Sunday 29 December 2013

Flashback (2013)

Director: Steve Petersen
Stars: Walter Koenig, Judy Levitt, Tom Biagini, Shannon Murray and Karla Osella
This film was an official selection at the 9th annual International Horror & Sci-Fi Film Festival in Phoenix in 2013. Here's an index to my reviews of 2013 films.
The science fiction shorts at this year's International Horror & Sci-Fi Film Festival were notable both for their consistent quality and for the emotion they drew out of the audience. Films like Ellie, Restitution and The Secret Keeper nailed both the science fiction aspects of their stories and the emotional ones. It may be that Flashback is the most emotional of them all, mostly because of the searing performance of the lead actor, Walter Koenig, who proves here that he deserved a much bigger role to play in Star Trek. It revolves around our personal connection to new technology, another common theme running through the festival selections, especially All I Think of is You, Restitution and Iris. The new technology here, the Flashback Device that Koenig's character, Dr Joseph Griffin, creates, is reminiscent of the slow glass of Bob Shaw's superb short story, Light of Other Days, but with control given to the user. Griffin dedicates his life to perfecting this device, only for irony to strike in the cruellest fashion.

As befits a story about a gadget that allows people to relive moments of their lives, we're whisked back into the lives of the Griffins, Joseph and his wife, Greta. We watch them as a young couple, decorating their house with all the possibility that the future can hold, but Joseph is already distracted by his work. His boss suggests that he has the potential to change the world and he believes him. We soon find that he manages it too because, back in the present, he's living on Mars with his perfected device selling in the billions. The catch comes in how he got there. Even as a young man he tells Greta that he loves his work more than anything and we see her understanding of that, in her eyes as the truth of it registers and also in the moment he flashes back to with his own device, of her leaving him as an old woman. It hasn't been a good life for her, living it alone while he works, so she leaves just as he finds the time to spend with her and regret that he can't do it any more because she's gone.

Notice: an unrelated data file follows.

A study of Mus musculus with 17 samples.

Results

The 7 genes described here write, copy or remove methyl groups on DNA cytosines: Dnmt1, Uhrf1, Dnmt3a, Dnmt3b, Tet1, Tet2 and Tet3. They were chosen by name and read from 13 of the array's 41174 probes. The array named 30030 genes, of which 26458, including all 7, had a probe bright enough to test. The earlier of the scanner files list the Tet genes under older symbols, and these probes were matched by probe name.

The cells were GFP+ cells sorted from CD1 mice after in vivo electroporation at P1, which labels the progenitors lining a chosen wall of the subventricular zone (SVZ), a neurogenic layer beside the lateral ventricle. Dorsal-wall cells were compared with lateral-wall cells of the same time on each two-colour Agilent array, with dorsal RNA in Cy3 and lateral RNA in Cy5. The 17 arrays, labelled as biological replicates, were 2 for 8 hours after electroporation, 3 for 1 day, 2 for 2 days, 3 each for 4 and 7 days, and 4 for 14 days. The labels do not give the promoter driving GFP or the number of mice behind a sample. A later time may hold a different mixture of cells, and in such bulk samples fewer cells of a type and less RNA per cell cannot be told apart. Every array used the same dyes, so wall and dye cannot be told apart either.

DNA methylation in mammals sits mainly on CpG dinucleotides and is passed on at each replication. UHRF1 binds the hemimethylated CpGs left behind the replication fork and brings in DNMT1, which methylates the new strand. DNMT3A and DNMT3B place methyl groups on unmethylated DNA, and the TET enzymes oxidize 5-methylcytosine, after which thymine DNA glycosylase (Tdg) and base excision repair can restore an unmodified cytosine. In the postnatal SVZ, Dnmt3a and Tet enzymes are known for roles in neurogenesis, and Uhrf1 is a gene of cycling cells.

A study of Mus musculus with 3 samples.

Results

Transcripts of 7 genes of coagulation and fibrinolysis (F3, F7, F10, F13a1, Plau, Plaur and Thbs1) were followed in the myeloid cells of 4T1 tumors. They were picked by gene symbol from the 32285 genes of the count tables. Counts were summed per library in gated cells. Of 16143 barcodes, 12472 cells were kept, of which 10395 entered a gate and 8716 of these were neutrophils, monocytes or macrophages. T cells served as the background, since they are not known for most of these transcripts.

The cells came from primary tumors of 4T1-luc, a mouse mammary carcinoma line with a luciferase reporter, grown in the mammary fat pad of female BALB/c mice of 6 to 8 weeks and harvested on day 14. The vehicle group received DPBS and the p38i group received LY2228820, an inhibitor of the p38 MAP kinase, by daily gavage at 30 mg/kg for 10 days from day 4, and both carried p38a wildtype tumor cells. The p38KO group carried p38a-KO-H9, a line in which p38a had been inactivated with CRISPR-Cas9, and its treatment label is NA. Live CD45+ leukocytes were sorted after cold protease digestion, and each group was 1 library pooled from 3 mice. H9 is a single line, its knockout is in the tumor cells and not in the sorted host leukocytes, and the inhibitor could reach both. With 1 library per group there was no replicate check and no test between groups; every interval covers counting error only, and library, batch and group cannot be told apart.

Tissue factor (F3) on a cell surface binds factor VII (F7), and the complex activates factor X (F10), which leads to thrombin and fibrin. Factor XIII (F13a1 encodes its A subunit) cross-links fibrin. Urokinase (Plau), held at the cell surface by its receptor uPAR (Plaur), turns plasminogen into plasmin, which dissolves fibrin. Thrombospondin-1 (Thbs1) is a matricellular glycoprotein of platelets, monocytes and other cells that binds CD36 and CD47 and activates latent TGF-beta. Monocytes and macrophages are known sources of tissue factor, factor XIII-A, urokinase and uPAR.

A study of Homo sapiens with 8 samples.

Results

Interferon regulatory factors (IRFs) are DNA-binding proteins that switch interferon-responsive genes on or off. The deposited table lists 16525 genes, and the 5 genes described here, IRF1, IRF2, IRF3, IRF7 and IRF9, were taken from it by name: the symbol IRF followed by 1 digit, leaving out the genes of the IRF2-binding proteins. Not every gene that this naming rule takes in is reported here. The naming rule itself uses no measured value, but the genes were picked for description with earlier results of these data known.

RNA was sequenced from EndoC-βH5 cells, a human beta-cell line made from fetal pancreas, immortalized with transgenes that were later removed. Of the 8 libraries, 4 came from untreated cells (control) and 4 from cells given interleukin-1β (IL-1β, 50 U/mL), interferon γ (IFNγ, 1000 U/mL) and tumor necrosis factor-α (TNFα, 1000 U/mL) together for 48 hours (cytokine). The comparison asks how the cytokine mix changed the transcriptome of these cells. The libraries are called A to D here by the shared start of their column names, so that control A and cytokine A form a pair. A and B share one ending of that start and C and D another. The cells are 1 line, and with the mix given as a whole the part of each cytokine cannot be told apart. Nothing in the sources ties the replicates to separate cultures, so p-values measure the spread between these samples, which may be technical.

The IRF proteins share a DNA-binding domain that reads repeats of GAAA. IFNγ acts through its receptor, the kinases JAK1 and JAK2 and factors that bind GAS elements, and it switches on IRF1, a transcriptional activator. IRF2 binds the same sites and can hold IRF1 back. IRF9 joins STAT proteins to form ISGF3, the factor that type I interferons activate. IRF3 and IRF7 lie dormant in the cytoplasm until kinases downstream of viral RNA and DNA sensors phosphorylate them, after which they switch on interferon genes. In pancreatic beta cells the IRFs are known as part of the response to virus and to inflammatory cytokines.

Koenig is magnificent here, his eyes full of sadness and regret, as he interrupts a TV interview to flash back to Greta leaving him again. 'Is there anything I can do to get you to stay?' he asks, knowing full well that there isn't because she only exists in the memory that his device provides him with. At least it's clever enough for him to converse with it, but that's little solace for him. The ironies are palpable. The time he spent developing the device stole the opportunity for him to spend valuable time with his wife, only for her to leave and force him to use his own gadget to relive what might be the only moment of time he captured before she left, which in turn nails home again and again what he could have had but lost through dedication to the device. It's an ever decreasing circle, which we can see in Koenig's eyes and hear in his broken voice. Here is a man who has achieved wonders, lives among wonders and has given wonder to billions, but he's a broken man because of it all.

The biggest problem Flashback has is that it's only six minutes long. Apparently there is an intention to expand it to feature length, which I'd dearly love to see, but there's precious little information available online about this goal. It deserves more time to breathe, to draw the characters out, even if that's only by expanding to, say, twenty minutes. Koenig gets the most screen time but there's surely a lot more to Dr Griffin than we see within that. Judy Levitt is excellent as the elder Greta, but again there's so much more possibility to the character than just a repeated exit in Griffin's repeated flashback. Their younger versions have possibility too, Tom Biagini and Shannon Murray believably ready for the world. Murray in particular gets that one moment but not the opportunity to make more of it. I have no doubt that, given the ironies that Steve Peterson shoehorned into the six minutes he had, he could layer it more with the flexibility of time. Here's to hoping we see more of Flashback.

At least we can continue to flash back to Flashback again and again through YouTube, where the film is available to watch for free.